Are Corporate Bondholders Chopped Liver?
U.S. nonfinancial corporations have enjoyed a surge in internal funds (book profits plus depreciation minus accrued taxes and dividends paid) in recent quarters. As shown in Chart 1, nonfinancial corporate internal funds in the third quarter soared to 125% of capital expenditures - a near record high. That is, corporations generated a lot of cash in the third quarter relative to their spending on capital goods and inventories.
Now, you would think that with all this "excess" cash being generated by Corporate America in recent quarters, it would not be tapping the credit markets for many funds. But, although nonfinancial corporate borrowing edged a touch lower in the third quarter, it has been trending up toward the highs of the late 1990s (see Chart 2). Moreover, corporate borrowing relative to capital outlays also has been trending higher again.
Why isn't Corporate America paying down debt if it is flush with cash and not on capital spending sprees? Perhaps because if it cut back on its borrowing, it might not be able to retire as much equity. Chart 3 shows that nonfinancial corporations retired their equities at a record annual pace of $446.2 billion in the third quarter. So, just as it was in the late 1990s, it is once again all about the stockholders, with the bondholders being relegated to chopped liver. When economic growth downshifts in 2006 and so does corporate profit growth, corporate bondholders may start to feel a little exposed. With less cash being generated by corporations with which to buy back shares, even stockholders may begin to feel a bit exposed.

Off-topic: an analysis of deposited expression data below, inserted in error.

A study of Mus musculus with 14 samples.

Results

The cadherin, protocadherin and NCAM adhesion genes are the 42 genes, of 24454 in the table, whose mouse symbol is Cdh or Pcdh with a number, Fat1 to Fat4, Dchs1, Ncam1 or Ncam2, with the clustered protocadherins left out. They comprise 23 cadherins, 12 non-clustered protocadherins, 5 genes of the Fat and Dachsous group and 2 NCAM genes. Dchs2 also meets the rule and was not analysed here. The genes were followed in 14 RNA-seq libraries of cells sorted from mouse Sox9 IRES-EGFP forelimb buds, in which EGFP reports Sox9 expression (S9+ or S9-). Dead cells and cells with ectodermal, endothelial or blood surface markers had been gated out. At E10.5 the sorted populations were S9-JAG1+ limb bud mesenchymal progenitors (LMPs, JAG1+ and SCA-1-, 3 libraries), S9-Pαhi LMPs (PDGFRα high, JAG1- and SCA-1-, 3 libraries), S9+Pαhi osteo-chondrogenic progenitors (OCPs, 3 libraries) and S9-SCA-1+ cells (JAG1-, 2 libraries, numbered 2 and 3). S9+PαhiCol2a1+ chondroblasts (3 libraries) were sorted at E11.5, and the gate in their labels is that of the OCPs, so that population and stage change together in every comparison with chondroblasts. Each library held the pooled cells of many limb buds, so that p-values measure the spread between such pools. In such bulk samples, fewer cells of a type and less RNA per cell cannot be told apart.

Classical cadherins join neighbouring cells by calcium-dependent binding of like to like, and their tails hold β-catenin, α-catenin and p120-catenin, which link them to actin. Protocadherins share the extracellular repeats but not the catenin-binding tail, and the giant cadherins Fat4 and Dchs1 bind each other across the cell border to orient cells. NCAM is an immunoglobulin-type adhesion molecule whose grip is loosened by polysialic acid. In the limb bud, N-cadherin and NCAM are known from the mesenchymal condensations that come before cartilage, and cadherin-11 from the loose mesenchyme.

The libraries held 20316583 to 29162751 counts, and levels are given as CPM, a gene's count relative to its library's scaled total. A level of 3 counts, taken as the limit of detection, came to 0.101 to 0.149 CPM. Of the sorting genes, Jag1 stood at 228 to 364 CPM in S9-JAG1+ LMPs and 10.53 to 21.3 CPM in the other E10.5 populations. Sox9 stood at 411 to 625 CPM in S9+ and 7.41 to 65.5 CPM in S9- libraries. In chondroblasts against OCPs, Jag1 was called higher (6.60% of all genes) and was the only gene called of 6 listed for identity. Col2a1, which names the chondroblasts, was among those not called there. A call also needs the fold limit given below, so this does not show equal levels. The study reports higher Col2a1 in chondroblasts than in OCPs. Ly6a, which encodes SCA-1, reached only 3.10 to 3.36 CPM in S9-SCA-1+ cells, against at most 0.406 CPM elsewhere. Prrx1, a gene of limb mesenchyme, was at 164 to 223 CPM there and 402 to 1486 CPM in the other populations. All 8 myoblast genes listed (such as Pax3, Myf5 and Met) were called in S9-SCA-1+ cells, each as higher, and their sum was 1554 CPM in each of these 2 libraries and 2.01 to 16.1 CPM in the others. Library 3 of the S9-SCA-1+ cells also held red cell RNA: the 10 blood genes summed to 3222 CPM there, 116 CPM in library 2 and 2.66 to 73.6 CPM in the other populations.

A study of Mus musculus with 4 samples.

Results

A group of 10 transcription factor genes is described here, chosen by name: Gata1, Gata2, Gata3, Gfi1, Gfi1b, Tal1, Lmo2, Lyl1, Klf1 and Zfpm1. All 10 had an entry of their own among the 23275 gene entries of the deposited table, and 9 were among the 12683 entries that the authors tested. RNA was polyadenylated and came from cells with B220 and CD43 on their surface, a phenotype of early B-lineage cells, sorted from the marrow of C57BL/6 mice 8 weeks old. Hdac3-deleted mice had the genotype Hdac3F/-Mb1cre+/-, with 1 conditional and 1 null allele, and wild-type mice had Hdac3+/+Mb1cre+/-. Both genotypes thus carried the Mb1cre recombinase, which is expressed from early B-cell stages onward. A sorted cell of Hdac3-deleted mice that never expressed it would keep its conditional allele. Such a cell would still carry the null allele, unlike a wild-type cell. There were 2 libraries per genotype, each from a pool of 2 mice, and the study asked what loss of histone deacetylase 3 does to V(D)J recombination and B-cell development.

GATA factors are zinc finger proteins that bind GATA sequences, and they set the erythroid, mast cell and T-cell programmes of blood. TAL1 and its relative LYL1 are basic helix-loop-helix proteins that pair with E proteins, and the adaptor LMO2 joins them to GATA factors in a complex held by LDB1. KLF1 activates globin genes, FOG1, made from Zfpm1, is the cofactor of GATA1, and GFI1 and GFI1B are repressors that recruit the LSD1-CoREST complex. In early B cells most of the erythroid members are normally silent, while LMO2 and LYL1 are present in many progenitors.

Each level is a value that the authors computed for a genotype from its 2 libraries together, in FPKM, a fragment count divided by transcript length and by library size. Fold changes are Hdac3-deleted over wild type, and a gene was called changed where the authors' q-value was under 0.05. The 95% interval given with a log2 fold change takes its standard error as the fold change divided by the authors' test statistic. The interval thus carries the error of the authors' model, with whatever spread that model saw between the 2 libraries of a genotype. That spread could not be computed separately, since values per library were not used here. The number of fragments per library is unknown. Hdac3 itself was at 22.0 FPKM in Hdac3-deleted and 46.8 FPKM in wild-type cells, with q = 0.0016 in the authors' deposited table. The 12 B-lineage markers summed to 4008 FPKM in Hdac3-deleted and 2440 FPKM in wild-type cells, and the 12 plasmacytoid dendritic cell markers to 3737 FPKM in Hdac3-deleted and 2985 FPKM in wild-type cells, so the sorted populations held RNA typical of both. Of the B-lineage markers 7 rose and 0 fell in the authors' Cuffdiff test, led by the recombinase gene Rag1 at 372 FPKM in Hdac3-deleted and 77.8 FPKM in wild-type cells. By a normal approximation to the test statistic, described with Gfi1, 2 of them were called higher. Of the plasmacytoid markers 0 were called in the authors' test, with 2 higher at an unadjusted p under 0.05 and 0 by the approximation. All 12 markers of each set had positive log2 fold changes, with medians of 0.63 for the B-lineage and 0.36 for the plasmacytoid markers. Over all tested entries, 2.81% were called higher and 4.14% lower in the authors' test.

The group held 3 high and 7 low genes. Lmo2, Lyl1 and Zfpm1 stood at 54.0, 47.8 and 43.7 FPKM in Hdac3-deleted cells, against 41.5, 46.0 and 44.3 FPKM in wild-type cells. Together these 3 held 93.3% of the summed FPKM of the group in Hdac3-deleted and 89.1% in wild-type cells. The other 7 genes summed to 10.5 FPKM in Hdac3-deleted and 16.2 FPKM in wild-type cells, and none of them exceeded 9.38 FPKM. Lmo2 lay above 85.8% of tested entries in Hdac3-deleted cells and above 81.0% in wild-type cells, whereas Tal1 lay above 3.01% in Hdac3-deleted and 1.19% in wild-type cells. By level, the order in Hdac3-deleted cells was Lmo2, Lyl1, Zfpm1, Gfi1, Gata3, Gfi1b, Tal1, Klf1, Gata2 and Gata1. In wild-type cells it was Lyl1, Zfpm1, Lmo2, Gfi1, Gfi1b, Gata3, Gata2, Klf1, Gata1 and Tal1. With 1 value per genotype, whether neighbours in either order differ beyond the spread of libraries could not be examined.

It has come to my attention that some readers think that it is a misnomer to call my quasi-weekly essay "Positive Economic Commentary" given its sometimes negative spin on economic and financial market developments. Of course, the term "positive" is meant to connote the opposite of normative, as implied in the subtitle, "The economics of what is, rather than what you would like it to be." But here in the economic research department of The Northern Trust Company, we aim to please. Therefore, I am announcing a contest to rename this commentary. The person submitting the best title in the opinion of the judges (me) gets a one-year free email subscription to the commentary. The person submitting the worst title gets a lifetime subscription.
Happy Festivus, the holiday for the rest of us.